1995  Ten Cent reverse 1995  Ten Cent obverse

1995 Ten Cent

Mint:Royal London Reverse Designer:Joseph Yam Obverse Designer:Jospeh Yam Size:16.5mm Weight:1.84g Edge:Plain Composition:80% Steel
18% Copper
2% Zinc

Values

Sales History

The ten cent is the smallest denomination of the Chinese Hong Kong currency. The reverse shows the denomination in Chinese and English along with the date and numerical value. The obverse features the Bauhinia Flower which was supplied by Joseph Yam as well as the country of origin in both English and Chinese.

The first Hong Kong currency was established in 1864 by the fifth Governor of Hong Kong, Sir Hercules Robinson and the Hong Kong Mint was established on 7th May, 1866 in order to provide a steady supply of silver dollars. The new coins were not well received by traders or residents and the mint was closed in 1868 and sold to the Japanese Mint in Osaka at a loss of 300 per cent on the initial investment. The Hong Kong mint had also accumulated huge losses on the production of the silver coins. The following years saw thousands of Chinese migrants settling in Hong Kong.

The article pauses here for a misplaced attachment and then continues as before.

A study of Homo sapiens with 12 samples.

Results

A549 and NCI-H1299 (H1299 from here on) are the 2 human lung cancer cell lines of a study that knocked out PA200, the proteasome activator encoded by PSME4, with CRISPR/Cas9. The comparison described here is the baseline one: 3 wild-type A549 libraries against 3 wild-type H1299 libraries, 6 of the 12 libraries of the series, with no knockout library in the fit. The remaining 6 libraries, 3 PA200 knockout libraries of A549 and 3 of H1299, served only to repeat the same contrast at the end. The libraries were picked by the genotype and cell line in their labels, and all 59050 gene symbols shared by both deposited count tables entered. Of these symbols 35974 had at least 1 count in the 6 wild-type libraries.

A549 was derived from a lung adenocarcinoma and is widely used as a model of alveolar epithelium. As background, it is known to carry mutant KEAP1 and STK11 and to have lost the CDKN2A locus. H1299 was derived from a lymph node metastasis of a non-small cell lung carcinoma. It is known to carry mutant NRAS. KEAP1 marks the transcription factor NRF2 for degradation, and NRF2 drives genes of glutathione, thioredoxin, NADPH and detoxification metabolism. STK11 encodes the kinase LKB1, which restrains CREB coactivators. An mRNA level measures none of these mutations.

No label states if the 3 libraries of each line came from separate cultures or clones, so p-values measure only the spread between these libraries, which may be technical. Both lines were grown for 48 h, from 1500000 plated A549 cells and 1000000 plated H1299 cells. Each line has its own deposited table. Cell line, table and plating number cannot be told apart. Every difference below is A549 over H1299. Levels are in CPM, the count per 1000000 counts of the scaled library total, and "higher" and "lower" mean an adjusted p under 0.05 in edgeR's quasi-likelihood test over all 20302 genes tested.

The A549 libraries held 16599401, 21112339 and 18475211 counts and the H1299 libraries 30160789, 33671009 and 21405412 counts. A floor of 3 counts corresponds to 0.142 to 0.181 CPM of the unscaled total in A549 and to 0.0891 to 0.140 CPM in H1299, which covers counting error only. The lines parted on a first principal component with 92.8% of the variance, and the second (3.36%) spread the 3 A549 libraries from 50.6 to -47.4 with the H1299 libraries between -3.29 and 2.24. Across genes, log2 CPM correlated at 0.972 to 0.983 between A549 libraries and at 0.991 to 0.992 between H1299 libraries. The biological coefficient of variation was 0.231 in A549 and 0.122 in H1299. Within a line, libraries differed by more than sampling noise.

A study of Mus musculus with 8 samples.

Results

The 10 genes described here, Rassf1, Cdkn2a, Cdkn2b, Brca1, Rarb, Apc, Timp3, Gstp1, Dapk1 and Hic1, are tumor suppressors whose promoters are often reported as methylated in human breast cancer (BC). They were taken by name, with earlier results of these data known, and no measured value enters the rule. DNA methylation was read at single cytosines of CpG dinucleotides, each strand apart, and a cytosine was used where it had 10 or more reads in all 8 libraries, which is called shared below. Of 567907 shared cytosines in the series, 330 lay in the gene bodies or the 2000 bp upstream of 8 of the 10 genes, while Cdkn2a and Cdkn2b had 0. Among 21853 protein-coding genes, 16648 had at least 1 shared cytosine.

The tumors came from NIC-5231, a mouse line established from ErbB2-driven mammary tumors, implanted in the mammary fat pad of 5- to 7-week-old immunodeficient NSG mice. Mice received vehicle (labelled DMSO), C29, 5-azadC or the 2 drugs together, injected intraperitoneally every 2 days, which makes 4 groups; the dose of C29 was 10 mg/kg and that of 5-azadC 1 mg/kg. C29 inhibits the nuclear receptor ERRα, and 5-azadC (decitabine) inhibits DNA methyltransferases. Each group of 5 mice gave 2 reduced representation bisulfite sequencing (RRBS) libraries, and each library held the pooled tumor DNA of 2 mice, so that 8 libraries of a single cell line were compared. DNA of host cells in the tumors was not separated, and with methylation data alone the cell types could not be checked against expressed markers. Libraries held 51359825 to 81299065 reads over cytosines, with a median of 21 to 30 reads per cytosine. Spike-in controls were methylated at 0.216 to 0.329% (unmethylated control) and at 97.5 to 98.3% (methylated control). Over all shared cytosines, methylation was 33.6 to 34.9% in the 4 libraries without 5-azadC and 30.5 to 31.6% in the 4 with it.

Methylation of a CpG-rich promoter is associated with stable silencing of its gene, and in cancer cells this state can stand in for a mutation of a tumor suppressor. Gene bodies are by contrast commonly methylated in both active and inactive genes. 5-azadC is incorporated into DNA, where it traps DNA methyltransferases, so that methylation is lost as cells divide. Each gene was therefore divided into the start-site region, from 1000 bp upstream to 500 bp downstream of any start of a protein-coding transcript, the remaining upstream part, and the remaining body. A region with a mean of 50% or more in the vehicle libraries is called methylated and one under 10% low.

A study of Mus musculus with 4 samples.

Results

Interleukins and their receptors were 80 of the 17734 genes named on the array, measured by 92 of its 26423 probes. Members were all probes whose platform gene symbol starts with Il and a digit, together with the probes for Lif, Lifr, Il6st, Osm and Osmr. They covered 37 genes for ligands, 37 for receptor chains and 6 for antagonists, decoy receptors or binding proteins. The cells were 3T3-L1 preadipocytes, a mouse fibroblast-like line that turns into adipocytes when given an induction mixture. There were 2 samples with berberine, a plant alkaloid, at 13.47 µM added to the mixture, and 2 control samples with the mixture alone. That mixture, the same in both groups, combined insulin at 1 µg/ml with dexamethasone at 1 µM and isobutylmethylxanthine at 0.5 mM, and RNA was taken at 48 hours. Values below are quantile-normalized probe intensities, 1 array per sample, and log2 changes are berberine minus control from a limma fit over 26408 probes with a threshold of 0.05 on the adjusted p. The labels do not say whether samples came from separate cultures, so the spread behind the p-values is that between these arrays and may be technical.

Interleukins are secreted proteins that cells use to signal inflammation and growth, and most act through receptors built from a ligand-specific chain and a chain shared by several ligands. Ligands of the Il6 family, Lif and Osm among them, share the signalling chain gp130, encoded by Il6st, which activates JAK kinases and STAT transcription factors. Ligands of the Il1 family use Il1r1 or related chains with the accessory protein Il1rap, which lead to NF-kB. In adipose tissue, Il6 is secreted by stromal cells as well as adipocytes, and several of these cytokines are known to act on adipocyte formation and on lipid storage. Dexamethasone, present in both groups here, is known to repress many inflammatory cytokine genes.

It was not until 1st July, 1898, that China leased the New Territories along with another 235 islands, including Kowloon, to Britain for a period of 99 years. This lease expired in July 1997 and the colony was duly handed back to the Chinese authorities after 150 years of British reign. Hong Kong coinage would no longer bear the Queens effigy and a Bauhinia flower designed by Joseph Yam was chosen to be the future obverse design.